Airlines have pleaded for Covid-19 tests to be rolled out at airports so that the industry can begin to recover.
The International Air Transport Association (IATA) said pre-departure tests for all passengers would be the only way to replace the uncertain and fast-changing quarantine systems that have put people off travelling this summer.
And Tui, the world’s biggest holiday group, also piled pressure on governments to introduce testing as it said summer bookings fell 83 per cent.
The International Air Transport Association said pre-departure tests for all passengers would be the only way to replace the uncertain and fast-changing quarantine systems
The company called for a ‘regional risk assessment policy being applied by each government rather than a blanket travel policy’.
Tui has cut its winter schedule by a further 20 per cent to around 40 per cent of last year’s capacity because of the ‘continuous changes in travel advice’.
Industry leaders, airlines and airports have warned the global economy will nosedive until quarantines can be scrapped and passengers can move smoothly through borders.
Experts say quarantine rules for travellers to Britain are costing the tourism industry alone £650million a week.
IATA head Alexandre de Juniac demanded rapid and affordable tests that can be administered by a non-medical professional.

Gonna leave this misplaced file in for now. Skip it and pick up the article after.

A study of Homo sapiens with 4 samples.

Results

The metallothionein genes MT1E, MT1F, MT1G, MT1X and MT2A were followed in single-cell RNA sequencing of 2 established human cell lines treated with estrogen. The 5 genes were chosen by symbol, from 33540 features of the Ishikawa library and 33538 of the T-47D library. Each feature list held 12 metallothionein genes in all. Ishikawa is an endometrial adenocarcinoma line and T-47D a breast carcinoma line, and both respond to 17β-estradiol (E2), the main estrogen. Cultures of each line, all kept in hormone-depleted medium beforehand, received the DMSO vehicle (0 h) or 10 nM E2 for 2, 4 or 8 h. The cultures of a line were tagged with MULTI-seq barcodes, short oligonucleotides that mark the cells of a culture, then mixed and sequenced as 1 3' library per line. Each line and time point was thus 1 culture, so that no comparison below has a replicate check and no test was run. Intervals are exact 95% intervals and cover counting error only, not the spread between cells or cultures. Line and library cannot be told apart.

De Juniac said: ‘We don’t see any solution that would be less challenging or more effective.’
It is thought tests that cost a few pounds each could be available within weeks.
Failure to set up a testing regime could also cost more jobs in an industry battered by the Covid crisis. Tui yesterday said it would axe 8,000 jobs as it scrambles to cut costs.
And Airbus boss Guillaume Faury warned the plane maker’s ‘life as a business is at risk’ because of coronavirus.
It has announced it would lay off more than 10 per cent of its global workforce, some 15,000 employees. About 1,700 jobs in the UK will go out of 13,500.
Although it wanted to avoid compulsory redundancies, Faury has said these might now be necessary, particularly in France and Germany.
Faury told a French radio station: ‘The crisis is existential. Our life as a business is potentially at risk if we don’t take the right measures.
And Willie Walsh, the former boss of British Airways-owner IAG, said the airline industry is never going to get back to the way it was before Covid.
He said that in around five years’ time it would be a smaller sector, with fewer airlines, but more efficient.
Walsh said: ‘It’s never going to go back to the way it was.’